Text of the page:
Cancer treatments sometimes come from unexpected places, like marijuana, and now a research team from Duke University has demonstrated a new treatment from a type of alcohol. Ethanol — the same stuff we get turnt on — has been studied for the possibility that it might cause cancer, but it also turns out to have applications as a cancer treatment. Booze giveth and booze taketh away.
Ethanol can kill cancer cells when injected directly into tumors (a technique called “ethanol ablation” or “what we did in college”), but it hasn’t been used as a common treatment because it requires so much ethanol that surrounding tissue can be damaged. Injecting booze into yourself isn’t exactly the safest proposition. Nonetheless, ethanol ablation has been successfully used on some cancers in the liver or thyroid with fibrous material surrounding the tumor to hold in the alcohol. Robert Morhard and his team at Duke looked for a way to improve ethanol’s treatment capability, and they seem to have found it.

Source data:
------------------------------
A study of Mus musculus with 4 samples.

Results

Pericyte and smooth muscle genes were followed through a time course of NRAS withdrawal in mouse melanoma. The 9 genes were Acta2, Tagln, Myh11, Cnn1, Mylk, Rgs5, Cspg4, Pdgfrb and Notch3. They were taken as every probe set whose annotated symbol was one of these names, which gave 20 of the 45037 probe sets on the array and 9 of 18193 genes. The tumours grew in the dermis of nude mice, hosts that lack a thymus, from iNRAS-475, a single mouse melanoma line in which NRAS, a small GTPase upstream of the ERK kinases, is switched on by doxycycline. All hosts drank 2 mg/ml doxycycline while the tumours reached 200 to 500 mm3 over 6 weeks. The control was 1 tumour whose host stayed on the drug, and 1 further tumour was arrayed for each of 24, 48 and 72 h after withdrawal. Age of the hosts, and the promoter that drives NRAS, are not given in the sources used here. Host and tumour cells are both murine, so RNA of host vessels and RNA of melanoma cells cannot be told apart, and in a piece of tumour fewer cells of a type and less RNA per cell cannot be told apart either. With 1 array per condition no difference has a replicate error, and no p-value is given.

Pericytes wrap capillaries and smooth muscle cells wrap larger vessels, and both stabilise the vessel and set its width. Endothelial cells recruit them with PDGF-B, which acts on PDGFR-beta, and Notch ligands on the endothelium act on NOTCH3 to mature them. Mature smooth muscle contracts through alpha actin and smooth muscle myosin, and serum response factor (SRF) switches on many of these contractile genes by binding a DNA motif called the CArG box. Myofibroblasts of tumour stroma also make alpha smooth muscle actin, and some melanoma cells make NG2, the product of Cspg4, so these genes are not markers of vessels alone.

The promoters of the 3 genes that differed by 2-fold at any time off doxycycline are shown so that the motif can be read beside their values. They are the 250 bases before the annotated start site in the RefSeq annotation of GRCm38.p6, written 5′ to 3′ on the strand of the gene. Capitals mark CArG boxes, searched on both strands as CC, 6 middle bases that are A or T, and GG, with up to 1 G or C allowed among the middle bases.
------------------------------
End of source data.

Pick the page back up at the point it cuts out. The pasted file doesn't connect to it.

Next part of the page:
They mixed ethanol with ethyl cellulose, which turned into a gel when injected into the tumor and stayed in place. They then treated hamsters with squamous cell carcinoma with regular ethanol ablation and the new type of ethanol. With regular ethanol, four out of twelve tumors regressed after eight days. With the new version, all seven tumors were completely killed.
It’s a very small sample size, to be clear, but it’s promising not only for its potential effectiveness but also for its simplicity and its very low cost. The price was under $5 per treatment, making it an affordable and surgery-free option that opens up cancer treatment to almost any patient in the world. There’s something to drink to.